New Delhi: The Supreme Court of India delivered several landmark verdicts in 2020. While a three-judge Bench led by Justice N V Ramana, in a significant ruling, called access to the Internet is a fundamental right, the court also ordered that the permanent commission will apply to all women officers in the Indian Army in service, irrespective of their years of service. Also Read - Deadlock Continues as Centre-farmers Talks Remain Inconclusive, Next Meet on Jan 19

India.com has listed seven landmark verdicts of the Supreme Court in 2020 that will surely leave a big impact:  Also Read - Breaking News January 15 Updates

Anticipatory Bail Should Not Be Limited To A Fixed Period Also Read - Farmers Protest: BKU Leader Recuses From SC Panel, 9th Round of Talks With Centre Today | Key Points

The Supreme Court ruled that anticipatory bail granted to an accused on apprehension or threat of arrest should not invariably be limited to a fixed period, as it is not in larger societal interest to limit the liberty of citizens, and it could continue till the end of trial. A five-judge Constitution bench headed by Justice Arun Mishra and comprising Justices Indira Banerjee, Vineet Saran, MR Shah and S. Ravindra Bhat, however, had observed that if the court wants to limit the bail, it can attach special features.

The top court had examined two crucial aspects in its verdict — should protection through an anticipatory bail be time-bound (which allows the individual to surrender and then seek regular bail) and what should be the span of the bail (would it end when accused is summoned to court).

Internet Access a Fundamental Right

Access to the Internet is a fundamental right under Article 19 of the Constitution, the Supreme Court said in a significant ruling, earlier this year and asked the Jammu and Kashmir administration to review within a week all orders imposing curbs in the Union Territory.

A 3-judge bench, headed by Justice N V Ramana, also said that Section 144 CrPC (prohibitory orders) cannot be used indefinitely to suppress freedom of speech and expression and difference of opinion.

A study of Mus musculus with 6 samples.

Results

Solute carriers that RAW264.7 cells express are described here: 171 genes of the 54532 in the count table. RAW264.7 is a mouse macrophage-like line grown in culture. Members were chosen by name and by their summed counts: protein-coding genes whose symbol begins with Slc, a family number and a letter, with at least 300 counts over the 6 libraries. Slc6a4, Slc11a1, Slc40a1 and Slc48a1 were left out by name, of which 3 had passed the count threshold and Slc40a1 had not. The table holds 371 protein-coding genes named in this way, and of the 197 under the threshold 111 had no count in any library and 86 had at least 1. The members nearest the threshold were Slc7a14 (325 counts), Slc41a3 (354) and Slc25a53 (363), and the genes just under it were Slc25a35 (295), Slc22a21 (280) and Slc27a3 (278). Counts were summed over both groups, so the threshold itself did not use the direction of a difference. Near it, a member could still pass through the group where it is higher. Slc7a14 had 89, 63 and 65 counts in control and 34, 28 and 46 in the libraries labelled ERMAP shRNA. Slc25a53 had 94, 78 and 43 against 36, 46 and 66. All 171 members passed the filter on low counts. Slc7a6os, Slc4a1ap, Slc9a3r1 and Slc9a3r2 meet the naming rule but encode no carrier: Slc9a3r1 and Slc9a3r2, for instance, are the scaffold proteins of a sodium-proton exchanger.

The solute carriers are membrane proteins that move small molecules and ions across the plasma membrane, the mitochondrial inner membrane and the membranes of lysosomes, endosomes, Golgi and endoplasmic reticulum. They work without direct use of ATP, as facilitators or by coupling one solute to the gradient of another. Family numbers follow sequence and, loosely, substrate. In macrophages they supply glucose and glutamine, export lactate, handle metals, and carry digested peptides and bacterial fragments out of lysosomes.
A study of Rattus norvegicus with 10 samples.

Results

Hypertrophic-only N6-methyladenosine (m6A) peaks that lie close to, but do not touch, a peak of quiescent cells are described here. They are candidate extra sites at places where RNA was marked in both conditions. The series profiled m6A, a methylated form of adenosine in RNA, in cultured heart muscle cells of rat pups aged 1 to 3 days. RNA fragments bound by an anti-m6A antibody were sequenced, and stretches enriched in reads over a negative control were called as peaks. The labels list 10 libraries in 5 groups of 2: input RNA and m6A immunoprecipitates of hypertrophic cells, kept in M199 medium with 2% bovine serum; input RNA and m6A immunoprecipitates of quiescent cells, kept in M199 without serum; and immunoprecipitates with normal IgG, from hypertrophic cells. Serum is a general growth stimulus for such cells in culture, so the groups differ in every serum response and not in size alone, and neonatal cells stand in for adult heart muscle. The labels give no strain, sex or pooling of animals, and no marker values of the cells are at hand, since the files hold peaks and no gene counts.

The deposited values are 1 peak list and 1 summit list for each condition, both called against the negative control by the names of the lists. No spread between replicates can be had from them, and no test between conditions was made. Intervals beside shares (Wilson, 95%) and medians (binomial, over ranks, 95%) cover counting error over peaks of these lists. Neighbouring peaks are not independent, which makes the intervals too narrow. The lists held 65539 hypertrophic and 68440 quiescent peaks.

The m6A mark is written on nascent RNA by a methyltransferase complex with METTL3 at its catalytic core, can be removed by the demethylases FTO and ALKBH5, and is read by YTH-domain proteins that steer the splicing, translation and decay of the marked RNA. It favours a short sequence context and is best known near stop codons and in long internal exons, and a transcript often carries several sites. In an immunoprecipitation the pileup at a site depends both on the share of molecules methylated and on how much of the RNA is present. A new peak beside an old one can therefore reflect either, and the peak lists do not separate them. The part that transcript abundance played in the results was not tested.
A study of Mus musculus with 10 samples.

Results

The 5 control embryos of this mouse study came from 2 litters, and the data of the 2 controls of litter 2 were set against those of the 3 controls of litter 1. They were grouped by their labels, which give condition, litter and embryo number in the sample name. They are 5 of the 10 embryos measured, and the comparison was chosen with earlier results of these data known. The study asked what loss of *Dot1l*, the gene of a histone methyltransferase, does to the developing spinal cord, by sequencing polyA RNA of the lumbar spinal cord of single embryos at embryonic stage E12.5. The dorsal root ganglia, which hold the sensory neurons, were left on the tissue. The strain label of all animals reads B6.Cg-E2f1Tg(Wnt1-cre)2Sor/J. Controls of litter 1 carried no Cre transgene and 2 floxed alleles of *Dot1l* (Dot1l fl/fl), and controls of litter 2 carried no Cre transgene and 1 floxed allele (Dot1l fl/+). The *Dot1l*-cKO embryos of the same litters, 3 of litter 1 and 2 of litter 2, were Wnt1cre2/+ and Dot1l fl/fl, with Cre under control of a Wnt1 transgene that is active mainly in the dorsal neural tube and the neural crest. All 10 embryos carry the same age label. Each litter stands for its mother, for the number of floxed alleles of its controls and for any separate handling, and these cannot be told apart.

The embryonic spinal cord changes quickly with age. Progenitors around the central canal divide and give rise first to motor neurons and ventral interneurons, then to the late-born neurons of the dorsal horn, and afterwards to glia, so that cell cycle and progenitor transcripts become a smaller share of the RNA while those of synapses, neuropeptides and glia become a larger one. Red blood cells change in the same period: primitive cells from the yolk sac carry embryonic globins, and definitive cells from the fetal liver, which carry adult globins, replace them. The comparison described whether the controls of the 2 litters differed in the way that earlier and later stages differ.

Article 370 reference to larger Bench denied

The Supreme Court declined to refer to a larger 7-judge bench a batch of petitions challenging the constitutional validity of the Centre’s decision to abrogate provisions of Article 370 on August 5 last year.

A 5-judge Constitution bench headed by Justice N V Ramana said there were no reasons to refer the matter to a larger bench.

Permanent Commission of Women in Army

The apex court this year ordered that the permanent commission will apply to all women officers in the Indian Army in service, irrespective of their years of service.  Reprimanding the government over its Opposition to the permanent commission to women officer, the top court had said this mindset must change as it perpetuates “gender stereotypes”.

Reading out the order, Supreme Court judge Justice DY Chandrachud said, “Soldiers must have the physical capability to do one’s role. Women in the Army is an evolutionary process.”

The SC observed that all terms of appointments of women officers shall be same as their male counterparts. “We dispose off the petitions and necessary compliance of this court’s order within a period of 3 months”, the top court added.

Daughters’ rights in HUF property

Holding that daughters cannot be deprived of their right of equality, the Supreme Court ruled that they will have equal rights to inherit joint Hindu family property as sons, saying the amended Hindu Succession act that came in force in 2005 will have retrospective effect.

“A daughter always remains a loving daughter. A son is a son until he gets a wife. A daughter is a daughter throughout her life,” the top court observed in a significant judgement while upholding the rights of a daughter even if the father died before the enactment of the Hindu Succession (Amendment) Act, 2005.

15 Days to Send Migrant Workers Back Home During Lockdown

Taking suo motu cognizance of the problems and the miseries of migrant labourers, the Supreme Court had issued notice to the Centre, states and Union Territories seeking their replies on the steps taken to redeem the situation.

Migrant workers

The Supreme Court had directed the Centre and state governments to facilitate the transportation of stranded migrant workers to their native places within 15 days.

“We propose 15 days time so that states can be permitted to effectuate the completion of transport”, a three-judge bench comprising Justices Ashok Bhushan, SK Kaul and MR Shah had said.

Re 1 Fine on Prashant Bhushan  for his dissenting tweets Against CJI 

A bench headed by Justice (retired) Arun Mishra had asked Bhushan to deposit the fine by September 15, failing which he would have attracted a jail term of three months and debarment from law practice for three years.

Bhushan in his statement had refused to offer an apology to the Supreme Court for the tweets, saying what he had expressed represented his bona fide belief which he continued to hold.

In October, the activist-lawyer filed a petition in SC seeking review of the August 31 judgement against the contempt case in which the court slapped a Re 1 fine on him.